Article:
As surely as weighty new catalogues from Design Within Reach and Ikea land with a thump at your door, the fall design season awaits on the far side of Labor Day. This is the customary moment for design editors to preview fall events. The predictions and appraisals have added intrigue after a year freighted with uncertainty. It's hard to gauge the design field during the dog days of summer. So the weeks ahead will be a test: with the economy mustering itself, will design pick up where it left off a year ago, or will it take off in new directions. The clue may lie in these seven events:
The Paris design show is the first wet, red finger to the wind. Architecture is slow to register culture changes because the design and construction plays out over years. Smale-scale design, like tabletop items and textiles, is fare more responsive, and that's what goes on display next week at Maison et Objet, the Paris design show. Prediction: designs with hive-like interchangeable modules, like the Flux lamp by Jonas Klein (above), will be a conspicuous trend. September 5 to September 9.
Droog takes over Governor's Island. To mark the 400th anniversary of the Dutch arrival in New York, the Dutch design collective Droog will stage a 10-day festival of design, fashion and architecture on Governor's Island, a decommissioned Coast Guard station in New York Harbor. Droog is a pranksterish outfit with a conceptual bent, and true to form their plans include carpets knitted with six-foot long needles and a cafe with embroidered menus and hand-sewn teabags. September 11 to September 20.
Tom Dixon opens a showroom. Tom Dixon almost singlehandedly put British design back in the conversation, and he will solidify his place as that country's most influential designer by opening a showroom for his entire collection, at the Wharf building, during the London design festival. September 24.
Interior design gets seriously nostalgic. The Nineties fascination with plastic blobby forms is giving way to materials and textures that our great grandparents favored—deep colors, shiny woods, furs, leather and dark metals. That's the thesis presented by Eva Hagberg in her book Dark Nostalgia, which shows 26 idealized versions of the past created David Rockwell, Roman & Williams, and Julian Schnabel, among others. Published September 29.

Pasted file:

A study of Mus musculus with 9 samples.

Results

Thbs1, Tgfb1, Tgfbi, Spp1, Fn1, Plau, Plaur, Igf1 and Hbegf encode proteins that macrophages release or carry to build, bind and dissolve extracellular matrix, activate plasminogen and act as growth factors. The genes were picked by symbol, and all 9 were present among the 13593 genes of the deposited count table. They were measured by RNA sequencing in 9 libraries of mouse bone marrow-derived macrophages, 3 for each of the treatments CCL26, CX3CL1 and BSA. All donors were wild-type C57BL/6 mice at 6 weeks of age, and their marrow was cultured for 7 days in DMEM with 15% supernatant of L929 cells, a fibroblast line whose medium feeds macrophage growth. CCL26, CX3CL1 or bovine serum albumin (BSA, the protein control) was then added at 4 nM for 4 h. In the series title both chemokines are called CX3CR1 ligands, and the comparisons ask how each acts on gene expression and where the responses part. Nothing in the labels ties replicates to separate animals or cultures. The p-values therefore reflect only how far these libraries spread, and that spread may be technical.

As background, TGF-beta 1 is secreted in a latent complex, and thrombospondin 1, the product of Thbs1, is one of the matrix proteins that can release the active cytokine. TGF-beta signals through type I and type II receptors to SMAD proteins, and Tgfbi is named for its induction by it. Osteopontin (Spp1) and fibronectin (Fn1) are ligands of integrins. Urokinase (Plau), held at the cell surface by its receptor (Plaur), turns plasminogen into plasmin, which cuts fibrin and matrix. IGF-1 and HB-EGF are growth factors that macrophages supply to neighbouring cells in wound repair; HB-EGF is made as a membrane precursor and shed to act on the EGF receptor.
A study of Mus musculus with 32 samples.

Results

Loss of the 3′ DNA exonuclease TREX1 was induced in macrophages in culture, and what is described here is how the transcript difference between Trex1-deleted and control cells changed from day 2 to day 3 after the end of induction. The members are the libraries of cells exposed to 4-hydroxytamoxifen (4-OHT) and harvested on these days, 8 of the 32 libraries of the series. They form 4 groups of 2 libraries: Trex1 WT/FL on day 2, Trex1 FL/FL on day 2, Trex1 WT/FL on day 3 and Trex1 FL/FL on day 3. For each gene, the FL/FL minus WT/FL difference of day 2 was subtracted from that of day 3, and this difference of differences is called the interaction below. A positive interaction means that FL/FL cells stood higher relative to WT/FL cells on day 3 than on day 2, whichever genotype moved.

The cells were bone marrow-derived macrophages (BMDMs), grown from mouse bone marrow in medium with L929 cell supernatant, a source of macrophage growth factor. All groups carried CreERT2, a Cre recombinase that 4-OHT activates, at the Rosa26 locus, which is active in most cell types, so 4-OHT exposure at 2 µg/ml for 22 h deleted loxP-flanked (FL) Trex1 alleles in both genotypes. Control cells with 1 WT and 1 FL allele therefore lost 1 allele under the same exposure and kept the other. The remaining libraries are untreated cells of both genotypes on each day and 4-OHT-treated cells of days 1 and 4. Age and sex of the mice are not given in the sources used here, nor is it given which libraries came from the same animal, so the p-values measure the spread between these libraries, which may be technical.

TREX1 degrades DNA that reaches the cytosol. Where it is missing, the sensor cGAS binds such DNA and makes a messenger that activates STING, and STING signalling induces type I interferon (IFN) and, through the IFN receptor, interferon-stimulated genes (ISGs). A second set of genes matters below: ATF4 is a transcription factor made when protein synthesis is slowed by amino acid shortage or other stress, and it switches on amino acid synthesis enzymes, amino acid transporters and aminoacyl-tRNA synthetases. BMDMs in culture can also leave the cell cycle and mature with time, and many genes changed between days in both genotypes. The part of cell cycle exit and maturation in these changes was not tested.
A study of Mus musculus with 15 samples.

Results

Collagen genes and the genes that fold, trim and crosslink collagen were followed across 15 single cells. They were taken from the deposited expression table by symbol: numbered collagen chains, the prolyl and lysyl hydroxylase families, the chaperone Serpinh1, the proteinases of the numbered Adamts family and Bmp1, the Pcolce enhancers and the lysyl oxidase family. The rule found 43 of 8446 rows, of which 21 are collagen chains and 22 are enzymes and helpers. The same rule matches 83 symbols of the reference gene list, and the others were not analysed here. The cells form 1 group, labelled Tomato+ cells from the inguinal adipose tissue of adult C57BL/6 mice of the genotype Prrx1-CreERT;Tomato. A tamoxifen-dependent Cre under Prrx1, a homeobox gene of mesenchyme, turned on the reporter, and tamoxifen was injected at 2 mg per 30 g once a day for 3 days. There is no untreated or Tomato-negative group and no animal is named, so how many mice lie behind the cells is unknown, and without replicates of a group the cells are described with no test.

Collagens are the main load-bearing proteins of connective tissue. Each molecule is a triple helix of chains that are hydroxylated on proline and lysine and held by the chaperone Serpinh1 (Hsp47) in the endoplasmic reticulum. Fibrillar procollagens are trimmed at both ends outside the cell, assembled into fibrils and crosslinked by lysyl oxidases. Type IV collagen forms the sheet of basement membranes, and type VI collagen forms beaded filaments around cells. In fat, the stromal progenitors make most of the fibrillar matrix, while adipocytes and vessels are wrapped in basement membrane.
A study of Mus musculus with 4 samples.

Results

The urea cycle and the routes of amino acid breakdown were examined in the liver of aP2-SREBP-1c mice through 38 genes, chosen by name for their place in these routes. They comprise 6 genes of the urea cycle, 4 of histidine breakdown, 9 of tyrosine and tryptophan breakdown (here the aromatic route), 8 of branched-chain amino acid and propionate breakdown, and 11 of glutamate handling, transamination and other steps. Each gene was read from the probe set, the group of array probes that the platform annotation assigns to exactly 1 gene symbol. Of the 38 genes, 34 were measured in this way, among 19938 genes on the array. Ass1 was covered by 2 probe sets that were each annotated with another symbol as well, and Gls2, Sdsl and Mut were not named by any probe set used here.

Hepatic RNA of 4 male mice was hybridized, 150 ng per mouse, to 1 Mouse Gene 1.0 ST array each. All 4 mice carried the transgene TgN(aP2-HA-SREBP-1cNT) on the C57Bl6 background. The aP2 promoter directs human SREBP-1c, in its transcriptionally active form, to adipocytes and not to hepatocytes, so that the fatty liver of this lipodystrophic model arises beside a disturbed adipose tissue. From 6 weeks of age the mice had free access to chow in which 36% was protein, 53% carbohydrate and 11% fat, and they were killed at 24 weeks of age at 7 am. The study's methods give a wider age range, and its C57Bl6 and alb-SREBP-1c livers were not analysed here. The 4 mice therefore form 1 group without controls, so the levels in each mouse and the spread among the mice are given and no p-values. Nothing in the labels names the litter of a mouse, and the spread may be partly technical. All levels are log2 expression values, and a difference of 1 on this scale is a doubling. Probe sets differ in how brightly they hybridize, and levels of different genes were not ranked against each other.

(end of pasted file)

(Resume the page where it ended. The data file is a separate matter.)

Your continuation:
Architects rethink what to do with cars. Just as the car industry faces great changes, so too does the car-centric design of our homes and cities. Cars and the built environment are the subject of "House of Cars: Innovation and the Parking Garage" at the National Building Museum in Washington. October 17 to July 11.
Ireland becomes a design force. Ireland's unlikely transformation over the past ten years into an economic powerhouse is playing out in the field of architecture and design. Young designers like Boyd Cody and Dominic Stevens who might have once left the country to pursue careers in London and New York are now opening sudios in Dublin and other Irish cities and pursuing commissions from the country's wealthy new patrons. Is Ireland turning into a design center? Some of the country's best new work is shown in Full Irish: New Architecture in Ireland by Sarah A. Lappin. Published November 3.
Winka Dubbeldam will design a new Bungalow 8. What does cool look like now? Amy Sacco, founder of Bungalow 8, the tiny lounge with x-large doormen, is expanding to Amsterdam with a new place designed by Sacco's friend Winka Dubbeldam (above), a Dutch-born architect who cuts a glamorous figure in Manhattan's design circles. No design yet, tropical modern would be the default mode. But who knows? Whatever it is, you can be sure it will reflect interior design's coming mood. Late November.